Ah get born, keep warm
Short pants, romance, learn to dance
Get dressed, get blessed
Try to be a success
Please her, please him, buy gifts
Don’t steal, don’t lift
Twenty years of schoolin’
And they put you on the day shift
The alarm I set for myself at 4:10 a.m. chimed, and I climbed out of bed to take one of my children to the airport. He’s off to a conference at Harvard, and we can look forward to seeing him again late Sunday night. Yet on Monday morning, at the more reasonable hour of 6 a.m., I’ll be driving him again to the airport to head to Costa Rica for a school trip.
This sort of thing makes me consider a time in the future that some parents anticipate with glee but I personally dread: when all the children are out of the house. I have, by design and sheer force of will, constructed a life in which I can spend a tremendous amount of time with my family. During my own childhood, I hardly ever saw my dad, and I have very few memories of any times we had together. That only became clear to me deep into adulthood myself, as my kids can barely turn around without their beloved father being there (they aren’t annoyed by this yet, but that day will come).
This ties into something larger, though, which is a persistent need I have to be industrious. I realized a long time ago that in order to bring myself satisfaction, there are two requirements: I need to (1) be busy and (2) have that busy-ness be self-directed. I had a “real” job in my early twenties, and it didn’t take me long to accept that I was absolutely unemployable and had no interest in following anyone’s orders but my own. Thus, the amount of time in my entire life in which a boss told me what to do and I did it can be measured in months, not decades.
However, if you strip away (a) a daily commute (b) innumerable meetings (c) peer reviews (d) reports (e) office politics (f) company functions, you realize what an abundance of time we have in our lives. Couple this, as I have in my own life, with (a) no time-consuming hobbies like golf, fishing, etc. (b) no television, then I have nothing but time on my hands. I have no life, so I get the opportunity to actually create one.
Maybe it’s the Puritan ethic in me, but I cannot tolerate being idle. Thus, I am always seeking out active projects, and I’ll keep creating them until I feel sufficiently occupied. At the moment, I’ve got seven live projects going on, some of them long-standing (like this blog, approaching its 12th birthday and 20,000 posts) and others rather new (like the screenplay I keep bragging about, which I am hellbound determined to see in the theatres).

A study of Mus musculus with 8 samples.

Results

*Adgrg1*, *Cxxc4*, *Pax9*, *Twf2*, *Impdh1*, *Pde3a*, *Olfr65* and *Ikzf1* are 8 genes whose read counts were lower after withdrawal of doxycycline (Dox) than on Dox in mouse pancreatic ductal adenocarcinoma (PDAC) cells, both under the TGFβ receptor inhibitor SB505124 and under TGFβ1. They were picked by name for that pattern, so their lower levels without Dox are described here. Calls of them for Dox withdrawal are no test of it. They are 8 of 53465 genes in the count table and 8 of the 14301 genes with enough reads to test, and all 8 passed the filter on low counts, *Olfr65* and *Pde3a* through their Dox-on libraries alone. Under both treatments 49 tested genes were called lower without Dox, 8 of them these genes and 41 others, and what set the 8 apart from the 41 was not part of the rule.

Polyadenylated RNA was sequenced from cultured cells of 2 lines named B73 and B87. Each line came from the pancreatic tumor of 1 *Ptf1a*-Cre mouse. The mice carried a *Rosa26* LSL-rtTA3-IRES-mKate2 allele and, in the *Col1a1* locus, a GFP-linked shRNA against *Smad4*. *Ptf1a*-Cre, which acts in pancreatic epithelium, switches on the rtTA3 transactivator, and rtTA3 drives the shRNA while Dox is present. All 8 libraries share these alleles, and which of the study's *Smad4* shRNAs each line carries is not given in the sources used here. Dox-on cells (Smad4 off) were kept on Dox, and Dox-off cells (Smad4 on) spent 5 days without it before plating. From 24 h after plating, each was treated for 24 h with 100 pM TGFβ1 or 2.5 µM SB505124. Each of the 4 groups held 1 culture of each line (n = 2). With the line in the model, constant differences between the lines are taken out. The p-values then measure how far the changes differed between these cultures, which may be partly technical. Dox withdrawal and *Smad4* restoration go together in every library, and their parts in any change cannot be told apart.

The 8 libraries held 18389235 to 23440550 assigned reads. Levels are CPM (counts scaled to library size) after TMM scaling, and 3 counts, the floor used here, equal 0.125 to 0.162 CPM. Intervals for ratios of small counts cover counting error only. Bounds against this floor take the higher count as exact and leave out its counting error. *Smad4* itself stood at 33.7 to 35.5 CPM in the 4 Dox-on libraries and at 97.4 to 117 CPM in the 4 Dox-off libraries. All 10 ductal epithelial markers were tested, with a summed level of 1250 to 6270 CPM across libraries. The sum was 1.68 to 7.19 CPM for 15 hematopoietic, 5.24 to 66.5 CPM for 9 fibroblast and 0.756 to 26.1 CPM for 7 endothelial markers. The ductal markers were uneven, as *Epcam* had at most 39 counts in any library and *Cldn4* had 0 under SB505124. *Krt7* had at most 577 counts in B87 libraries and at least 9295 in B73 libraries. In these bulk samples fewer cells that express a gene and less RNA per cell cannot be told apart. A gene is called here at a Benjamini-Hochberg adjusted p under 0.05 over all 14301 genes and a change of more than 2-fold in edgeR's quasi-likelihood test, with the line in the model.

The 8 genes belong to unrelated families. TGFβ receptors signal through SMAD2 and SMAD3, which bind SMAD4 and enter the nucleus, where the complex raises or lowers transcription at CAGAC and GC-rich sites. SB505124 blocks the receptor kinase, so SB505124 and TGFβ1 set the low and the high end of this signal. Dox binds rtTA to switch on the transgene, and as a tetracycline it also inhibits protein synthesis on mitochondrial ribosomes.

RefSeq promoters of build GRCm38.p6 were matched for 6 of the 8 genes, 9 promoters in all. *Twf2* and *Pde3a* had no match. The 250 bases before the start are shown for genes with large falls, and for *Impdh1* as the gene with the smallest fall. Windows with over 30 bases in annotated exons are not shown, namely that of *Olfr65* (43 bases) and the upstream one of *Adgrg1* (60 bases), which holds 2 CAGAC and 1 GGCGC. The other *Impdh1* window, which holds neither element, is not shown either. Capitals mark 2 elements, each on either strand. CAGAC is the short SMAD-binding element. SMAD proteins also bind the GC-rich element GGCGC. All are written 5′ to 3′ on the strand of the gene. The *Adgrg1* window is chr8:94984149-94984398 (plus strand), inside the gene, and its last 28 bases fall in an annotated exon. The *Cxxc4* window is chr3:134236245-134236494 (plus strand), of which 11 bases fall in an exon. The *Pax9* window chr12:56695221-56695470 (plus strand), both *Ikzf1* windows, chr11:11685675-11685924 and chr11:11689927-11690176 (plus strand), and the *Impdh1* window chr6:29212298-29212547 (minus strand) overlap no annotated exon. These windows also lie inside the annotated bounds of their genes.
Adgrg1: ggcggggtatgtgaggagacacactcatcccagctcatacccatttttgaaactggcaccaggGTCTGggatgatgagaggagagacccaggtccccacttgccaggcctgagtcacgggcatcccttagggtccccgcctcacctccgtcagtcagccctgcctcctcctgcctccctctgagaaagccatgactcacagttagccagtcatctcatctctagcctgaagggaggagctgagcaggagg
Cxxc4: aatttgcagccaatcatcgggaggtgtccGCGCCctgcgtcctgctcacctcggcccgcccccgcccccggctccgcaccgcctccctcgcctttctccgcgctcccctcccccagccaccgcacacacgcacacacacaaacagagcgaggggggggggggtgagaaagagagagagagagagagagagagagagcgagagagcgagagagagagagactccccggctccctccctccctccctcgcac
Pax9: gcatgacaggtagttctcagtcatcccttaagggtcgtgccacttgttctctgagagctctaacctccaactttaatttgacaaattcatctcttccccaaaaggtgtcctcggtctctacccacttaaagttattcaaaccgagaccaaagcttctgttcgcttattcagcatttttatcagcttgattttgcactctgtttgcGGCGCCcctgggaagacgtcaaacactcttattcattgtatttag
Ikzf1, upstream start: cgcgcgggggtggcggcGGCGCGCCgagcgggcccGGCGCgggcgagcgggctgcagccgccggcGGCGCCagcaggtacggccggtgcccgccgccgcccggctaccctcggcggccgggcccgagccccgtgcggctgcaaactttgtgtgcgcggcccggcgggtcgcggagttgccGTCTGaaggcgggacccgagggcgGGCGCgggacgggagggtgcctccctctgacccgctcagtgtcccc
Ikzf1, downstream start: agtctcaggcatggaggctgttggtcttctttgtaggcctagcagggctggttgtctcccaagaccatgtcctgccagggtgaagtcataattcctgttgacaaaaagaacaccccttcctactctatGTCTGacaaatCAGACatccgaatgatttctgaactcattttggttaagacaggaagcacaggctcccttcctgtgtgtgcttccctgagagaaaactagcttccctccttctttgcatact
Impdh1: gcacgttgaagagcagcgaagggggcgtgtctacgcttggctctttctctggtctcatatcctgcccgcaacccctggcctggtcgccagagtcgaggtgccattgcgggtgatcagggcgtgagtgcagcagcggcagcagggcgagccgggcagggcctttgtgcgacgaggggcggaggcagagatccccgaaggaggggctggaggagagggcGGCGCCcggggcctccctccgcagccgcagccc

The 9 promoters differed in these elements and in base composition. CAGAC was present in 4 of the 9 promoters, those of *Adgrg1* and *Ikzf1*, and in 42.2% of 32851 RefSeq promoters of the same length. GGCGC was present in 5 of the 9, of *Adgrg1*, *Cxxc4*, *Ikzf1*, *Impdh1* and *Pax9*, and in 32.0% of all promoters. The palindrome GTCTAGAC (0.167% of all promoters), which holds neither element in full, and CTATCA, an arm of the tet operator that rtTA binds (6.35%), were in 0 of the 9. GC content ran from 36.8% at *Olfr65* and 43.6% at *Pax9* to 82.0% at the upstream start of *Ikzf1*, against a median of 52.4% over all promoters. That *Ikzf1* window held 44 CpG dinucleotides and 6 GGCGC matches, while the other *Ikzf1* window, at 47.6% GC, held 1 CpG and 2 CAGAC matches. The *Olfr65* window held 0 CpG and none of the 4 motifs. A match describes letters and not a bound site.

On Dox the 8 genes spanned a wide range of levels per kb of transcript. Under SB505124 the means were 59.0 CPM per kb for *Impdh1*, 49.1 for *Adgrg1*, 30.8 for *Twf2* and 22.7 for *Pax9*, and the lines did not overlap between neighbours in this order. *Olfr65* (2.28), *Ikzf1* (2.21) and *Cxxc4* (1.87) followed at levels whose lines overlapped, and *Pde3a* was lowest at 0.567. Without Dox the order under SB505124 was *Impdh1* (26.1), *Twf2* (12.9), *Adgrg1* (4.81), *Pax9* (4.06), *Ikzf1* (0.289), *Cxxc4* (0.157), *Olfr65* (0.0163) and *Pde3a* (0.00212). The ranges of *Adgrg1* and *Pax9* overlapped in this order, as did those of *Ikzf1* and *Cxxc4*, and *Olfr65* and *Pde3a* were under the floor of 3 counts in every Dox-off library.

On top of these seven projects are a host of default activities, such as the fact I take care of virtually all the housecleaning, the cooking, paying all the bills, driving hundreds of miles each week toting kids around, doing all the taxes, and basically making the U.S.S. Knight running smoothly. When even one kid is out of the house, I find myself with so much extra time that I freak out and will have to fill the space with, God knows, reorganizing a closet or something.
The day will come, of course, that they’re gone, and I seriously don’t know what I’ll do with myself. There’s only so organized a household can be. And, as the “market” has demonstrated, the activities with which we populate our lives don’t always behave in a way in accordance to what we find pleasing.
Even the prospect of scoring a big chunk of cash isn’t invigorating, because I at least have garnered enough wisdom to recognize how banal and dull such an event is. The thrill is gone within days.
So, anchored with all of these thoughts, and driving back in the pitch-black morning having delivered my son, the angst weighed upon me. But sometimes it’s the simplest things that can lift one’s spirit. And in the distance, over the hills, a tangerine slice of moon appeared, looking larger than I thought possible. The feeling might only last a short while, but I realized then that maybe it isn’t so bad here after all.